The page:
I was picking up my bedroom the other morning and I opened the curtains to take advantage of the bright sunshine. Of course, that bright sunshine also made it clear that the doors were grimy. Over the past few years I have been working on reducing our paper consumption. Contrary to what commercials would have you believe, you don’t need paper towels for much at all.
Instead, I reached into my rag bag and pulled out a couple of cotton cloths and the cheap-o generic window cleaner. I have found that the cheap cleaner works as well as name brand, but the bottles typically fall apart after one or two refills. I’ve had the current spray bottle for nearly three years.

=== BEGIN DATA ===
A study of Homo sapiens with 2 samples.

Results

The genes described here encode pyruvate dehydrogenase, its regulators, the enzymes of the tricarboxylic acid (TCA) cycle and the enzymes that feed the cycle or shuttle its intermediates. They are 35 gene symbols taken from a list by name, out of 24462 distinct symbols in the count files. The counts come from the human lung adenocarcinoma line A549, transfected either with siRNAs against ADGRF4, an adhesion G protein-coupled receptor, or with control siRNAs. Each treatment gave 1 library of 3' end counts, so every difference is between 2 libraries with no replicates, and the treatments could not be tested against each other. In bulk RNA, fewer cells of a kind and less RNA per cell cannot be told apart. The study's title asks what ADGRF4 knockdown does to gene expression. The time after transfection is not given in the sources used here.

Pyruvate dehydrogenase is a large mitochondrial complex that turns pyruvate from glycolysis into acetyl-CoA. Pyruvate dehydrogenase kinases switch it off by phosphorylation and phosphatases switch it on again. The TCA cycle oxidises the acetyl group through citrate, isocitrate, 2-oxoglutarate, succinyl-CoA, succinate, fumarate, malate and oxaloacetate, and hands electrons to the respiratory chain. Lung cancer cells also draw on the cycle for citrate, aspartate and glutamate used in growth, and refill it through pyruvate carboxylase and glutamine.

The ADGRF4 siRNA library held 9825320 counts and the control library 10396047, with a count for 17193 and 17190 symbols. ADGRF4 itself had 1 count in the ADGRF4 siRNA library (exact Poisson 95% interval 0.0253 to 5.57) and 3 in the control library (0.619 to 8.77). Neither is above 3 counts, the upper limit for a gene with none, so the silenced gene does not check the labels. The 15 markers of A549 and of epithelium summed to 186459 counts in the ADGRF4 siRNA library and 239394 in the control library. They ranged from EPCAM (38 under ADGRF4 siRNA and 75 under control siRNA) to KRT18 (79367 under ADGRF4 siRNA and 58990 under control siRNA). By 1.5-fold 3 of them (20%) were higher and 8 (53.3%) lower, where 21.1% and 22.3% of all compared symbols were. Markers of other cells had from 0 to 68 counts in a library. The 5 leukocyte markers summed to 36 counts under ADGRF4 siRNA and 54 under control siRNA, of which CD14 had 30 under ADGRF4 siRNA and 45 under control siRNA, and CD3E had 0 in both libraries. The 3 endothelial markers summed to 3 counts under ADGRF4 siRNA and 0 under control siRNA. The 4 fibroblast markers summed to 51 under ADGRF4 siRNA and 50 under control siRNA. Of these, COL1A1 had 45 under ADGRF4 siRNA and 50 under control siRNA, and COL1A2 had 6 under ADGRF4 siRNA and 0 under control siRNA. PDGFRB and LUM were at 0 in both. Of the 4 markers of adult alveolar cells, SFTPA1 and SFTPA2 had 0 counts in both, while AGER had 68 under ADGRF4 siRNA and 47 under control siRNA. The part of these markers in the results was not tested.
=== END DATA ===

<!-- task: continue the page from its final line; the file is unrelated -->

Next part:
What is the point of this random story? Marketers exist to convince consumers there is a need. That they must have the better, easier, faster, “cheaper,” way to do things. All too often though the old ways were just as good, if not superior.
There are times where an investment in a tool will pay off. I believe in having a good vacuum, a sturdy mop, a decent broom, and a dustpan that isn’t going to end up in the landfill or recycling center the first time you drop it.
The next time you find yourself at the store and tempted by some convenience product, take a moment and ask yourself if you it is a real or perceived need. Do you already have something at home that could do the job just as well without buying something new. Disposable wipes and swipes, sponges and pads, they all cost something, they all go somewhere.
Are they really enough of a convenience to warrant the cost?